The King’s Phantom is valued at £150,000-£200,000 and it goes under the hammer with Bonhams at The Beaulieu National Motor Museum in the New Forest.
Rolls-Royce Phatom’s royal heritage
The car’s royal heritage and Edward’s notoriety — he is famed for causing a constitutional crisis when he fell for double-divorcee American Wallis Simpson to whom he proposed just months after ascending to the throne — will no doubt increase interest both sides of the Atlantic.
He chose to abdicate after just 326 days when Prime Minister Stanley Baldwin decreed that a divorced woman with two living ex-husbands was “politically and socially unacceptable” as a prospective queen consort.
While his choice of wife were being questioned, there were no complaints about this choice of car. The Rolls-Royce Phantom came into production during the motor trade recession following World War One. It was offered as a smaller, cheaper, 20hp car to be built alongside the existing 40/50hp Silver Ghost.
Phantom was packed with innovative engineering
Henry Royce’s Phantom showcased many modern features such as overhead valve-gear for its six-cylinder engine, a centre-change gearbox and ‘Hotchkiss drive’ rear axle.
It was upgraded as the New Phantom in 1925 this time boasting a more powerful 45/50hp engine.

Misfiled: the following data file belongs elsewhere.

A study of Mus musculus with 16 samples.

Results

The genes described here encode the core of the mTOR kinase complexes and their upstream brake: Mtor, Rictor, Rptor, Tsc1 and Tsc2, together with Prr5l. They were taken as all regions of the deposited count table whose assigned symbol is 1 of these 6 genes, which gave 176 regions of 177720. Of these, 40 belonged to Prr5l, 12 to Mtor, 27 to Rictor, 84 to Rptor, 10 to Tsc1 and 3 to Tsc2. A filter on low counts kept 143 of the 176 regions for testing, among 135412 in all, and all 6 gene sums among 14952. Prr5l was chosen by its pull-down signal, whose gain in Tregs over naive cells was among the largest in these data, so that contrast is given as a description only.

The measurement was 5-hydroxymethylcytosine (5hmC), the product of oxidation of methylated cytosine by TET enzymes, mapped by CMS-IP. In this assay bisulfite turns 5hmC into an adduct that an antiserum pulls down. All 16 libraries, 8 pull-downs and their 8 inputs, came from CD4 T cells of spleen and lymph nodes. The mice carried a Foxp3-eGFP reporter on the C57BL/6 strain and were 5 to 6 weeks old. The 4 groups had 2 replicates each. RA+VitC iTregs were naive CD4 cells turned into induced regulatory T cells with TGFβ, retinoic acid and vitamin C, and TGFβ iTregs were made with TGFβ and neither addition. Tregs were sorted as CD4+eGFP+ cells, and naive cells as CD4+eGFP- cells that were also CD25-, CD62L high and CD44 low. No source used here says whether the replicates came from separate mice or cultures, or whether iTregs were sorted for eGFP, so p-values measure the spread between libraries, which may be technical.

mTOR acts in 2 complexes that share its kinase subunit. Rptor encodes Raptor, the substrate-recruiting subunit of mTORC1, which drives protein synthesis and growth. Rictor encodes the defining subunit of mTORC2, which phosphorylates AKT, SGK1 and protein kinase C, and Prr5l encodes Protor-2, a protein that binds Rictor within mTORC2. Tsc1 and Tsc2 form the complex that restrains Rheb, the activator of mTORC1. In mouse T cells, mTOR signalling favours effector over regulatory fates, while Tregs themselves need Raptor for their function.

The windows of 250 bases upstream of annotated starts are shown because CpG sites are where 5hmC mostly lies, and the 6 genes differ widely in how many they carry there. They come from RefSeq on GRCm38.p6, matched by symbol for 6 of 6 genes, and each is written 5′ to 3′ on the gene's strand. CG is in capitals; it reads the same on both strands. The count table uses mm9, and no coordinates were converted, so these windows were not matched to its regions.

Retrospectively known as the Rolls-Royce Phantom I, it had a new push-rod overhead-valve, 7,688cc, six-cylinder engine with detachable cylinder head, and was considerably more powerful than its Edwardian predecessor.
Rolls-Royce turned out just 2,212 Phantom I chassis by the time production ceased and one of them, chassis number ’14RF’ was ordered by The Prince of Wales before he became king.
It gave him several years of happy motoring before his accession, subsequent abdication and relocation to France.
King’s classic was left unloved in Suffolk farmyard
What happened to the Rolls-Royce Phantom after its royal tour came to an end is not known, but for many years it lay unused and unloved in a Suffolk farmyard until its discovery by car restorer, Edward Overton.
The Beaulieu sale notes reveal: “He visited the farm to buy a Bentley chassis and offered to buy the Rolls-Royce Phantom chassis as well, only for the farmer to refuse, saying ‘No, that’s the King’s car’.
“Taking note of the engine number – ‘OM15’ – Mr Overton was able to confirm the farmer’s story. Despite the farmer’s initial reluctance to sell, a price was soon agreed.”
Mr Overton was building a batch of Bentley Specials when he acquired the royal Roller so the restoration project was put on hold until the late 80s.
Once the frame, engine, transmission, and axles had been restored and the car brought to rolling chassis state, a replica of the original Gurney Nutting Weymann saloon body was fabricated using period photographs as a guide.
A pair of 1928 front wings were sourced and altered to match those shown in the photographs, while the rear wings were made from scratch together with a rack for the trunk.
Roller’s restoration took 30 years to complete
The radiator shutters were missing and it took five years to find a set, which gives some indication of why the Rolls-Royce Phantom project took three decades to complete. But complete it is now and looking fit for a king once again.